I resisted CD when it was new and media-ized as the best and cleanest sounding thing. It sounded like it was in a straight jacket to me. I didn’t think that was clean. I thought it was chopped up and edgy. I liked vinyl and cassette. A lot. I never replaced my LP collection which was in the thousands with CDs. I bought CDs here and there to listen to stuff in the car but all the good stuff stayed in crates in various places.
Fast-Slow Forward 30 years (I kid you not) and I get to hear MQA with 16/44.1 CD Masters. Holy Shit. Finally something that sounds good in good old 16/44.1 Redbook. There are no hi-res masters for these (and millions of others), there are only CD masters. They sounded ok and forgivable when they were made but MQA let out the angels that were being kept inside.
I could go on and on with technical garbledy gook about filters and time smearing and, no, not rearing children, but other stuff but I won’t. I’ll stop with the angels thing. It’s a new moon, all is well.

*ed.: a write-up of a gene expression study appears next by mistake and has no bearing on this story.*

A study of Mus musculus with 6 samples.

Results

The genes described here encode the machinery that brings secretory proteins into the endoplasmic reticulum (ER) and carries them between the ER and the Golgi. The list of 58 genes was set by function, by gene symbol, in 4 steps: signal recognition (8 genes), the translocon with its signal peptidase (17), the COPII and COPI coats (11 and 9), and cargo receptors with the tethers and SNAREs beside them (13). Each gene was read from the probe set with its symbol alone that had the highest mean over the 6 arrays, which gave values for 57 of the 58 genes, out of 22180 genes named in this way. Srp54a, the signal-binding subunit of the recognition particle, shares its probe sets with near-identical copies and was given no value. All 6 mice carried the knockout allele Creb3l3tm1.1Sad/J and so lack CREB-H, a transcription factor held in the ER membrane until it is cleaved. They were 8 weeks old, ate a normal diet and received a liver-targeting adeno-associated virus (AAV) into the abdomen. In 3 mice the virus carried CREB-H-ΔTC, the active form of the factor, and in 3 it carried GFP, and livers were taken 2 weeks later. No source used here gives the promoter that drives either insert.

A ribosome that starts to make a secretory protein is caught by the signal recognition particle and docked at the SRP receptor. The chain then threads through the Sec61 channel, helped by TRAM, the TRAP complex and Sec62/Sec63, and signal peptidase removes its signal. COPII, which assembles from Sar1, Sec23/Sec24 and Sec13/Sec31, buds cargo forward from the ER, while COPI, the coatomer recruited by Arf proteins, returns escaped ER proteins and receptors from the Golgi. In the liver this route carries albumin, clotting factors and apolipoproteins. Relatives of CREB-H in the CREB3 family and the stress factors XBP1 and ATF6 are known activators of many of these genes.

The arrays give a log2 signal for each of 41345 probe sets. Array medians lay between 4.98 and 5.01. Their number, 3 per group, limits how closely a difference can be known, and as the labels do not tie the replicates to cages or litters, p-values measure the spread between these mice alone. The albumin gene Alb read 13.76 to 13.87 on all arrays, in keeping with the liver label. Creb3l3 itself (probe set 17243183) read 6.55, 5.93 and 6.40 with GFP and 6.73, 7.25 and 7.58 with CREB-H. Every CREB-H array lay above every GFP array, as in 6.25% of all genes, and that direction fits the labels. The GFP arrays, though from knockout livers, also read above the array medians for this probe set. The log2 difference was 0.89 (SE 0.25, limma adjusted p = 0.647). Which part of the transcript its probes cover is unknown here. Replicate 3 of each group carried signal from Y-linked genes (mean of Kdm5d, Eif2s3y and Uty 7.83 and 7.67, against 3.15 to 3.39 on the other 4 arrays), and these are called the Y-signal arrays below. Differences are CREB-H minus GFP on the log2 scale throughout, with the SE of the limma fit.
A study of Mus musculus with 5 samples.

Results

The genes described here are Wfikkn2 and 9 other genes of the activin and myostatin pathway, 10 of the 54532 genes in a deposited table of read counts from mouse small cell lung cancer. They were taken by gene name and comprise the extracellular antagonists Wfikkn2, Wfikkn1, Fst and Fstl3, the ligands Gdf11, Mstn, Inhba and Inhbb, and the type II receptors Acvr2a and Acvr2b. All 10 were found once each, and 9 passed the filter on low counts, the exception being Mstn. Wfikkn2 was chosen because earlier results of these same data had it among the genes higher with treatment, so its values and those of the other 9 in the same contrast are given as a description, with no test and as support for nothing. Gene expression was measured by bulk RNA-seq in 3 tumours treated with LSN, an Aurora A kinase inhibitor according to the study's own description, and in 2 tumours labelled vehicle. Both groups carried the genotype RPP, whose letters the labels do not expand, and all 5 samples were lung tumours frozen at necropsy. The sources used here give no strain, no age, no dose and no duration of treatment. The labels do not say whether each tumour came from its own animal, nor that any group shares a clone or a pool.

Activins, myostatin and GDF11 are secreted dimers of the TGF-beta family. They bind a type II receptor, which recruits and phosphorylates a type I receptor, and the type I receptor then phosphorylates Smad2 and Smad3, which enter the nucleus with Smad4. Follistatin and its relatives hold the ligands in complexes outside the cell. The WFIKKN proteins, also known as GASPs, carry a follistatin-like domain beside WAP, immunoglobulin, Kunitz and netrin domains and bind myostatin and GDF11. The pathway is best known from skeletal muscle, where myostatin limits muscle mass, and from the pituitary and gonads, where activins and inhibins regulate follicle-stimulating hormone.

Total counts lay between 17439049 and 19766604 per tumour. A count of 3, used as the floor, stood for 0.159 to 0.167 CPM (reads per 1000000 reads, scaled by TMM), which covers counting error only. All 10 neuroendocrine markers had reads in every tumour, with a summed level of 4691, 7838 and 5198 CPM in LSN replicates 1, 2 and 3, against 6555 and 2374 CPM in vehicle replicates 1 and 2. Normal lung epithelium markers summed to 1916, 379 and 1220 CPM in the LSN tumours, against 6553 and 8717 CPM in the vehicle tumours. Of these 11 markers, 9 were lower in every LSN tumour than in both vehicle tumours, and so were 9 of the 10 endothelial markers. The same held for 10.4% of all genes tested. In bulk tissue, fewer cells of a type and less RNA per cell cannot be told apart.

Listen to a free MQA CD Master song download I have. Get it in the original FLAC format (use the dropdown option where it might say MP3 and change to FLAC) or any other lossless format Bandcamp offers (ALAC, AIF, WAV).
Put in the price of $0.00 and you get it free.
This song was recorded as an acoustic trio, with me on guitar, Scott Beynon on electric bass and Ken Owen on drums. My New Orleans bouzouki hellacious singer friend Beth dubbed that kind of ensemble Heavy Wood. Yes it was and was my best shot at my Tonight’s The Night sound. Recorded to DSD originally but only mastered for CD on the “Rare To Go” disc and then encoded as MQA.
You can play it on any digital audio player you have including your phone or tablet or computer. If you have an MQA DAC, or BlueOS or other player in your setup it will decode and sound even better but I’m hoping you listen to it either way.
Aloha to all.
PS – the photo I took on the CD cover is of the 2 largest mountains on the planet, Mauna Loa and Mauna Kea. One is the largest mountain mass of any single mountain (more cubic meters, bigger than the entire Cascade or Sierra Nevada ranges), the other is the tallest rising from the ocean floor where it begins, far beyond Everest and the rest.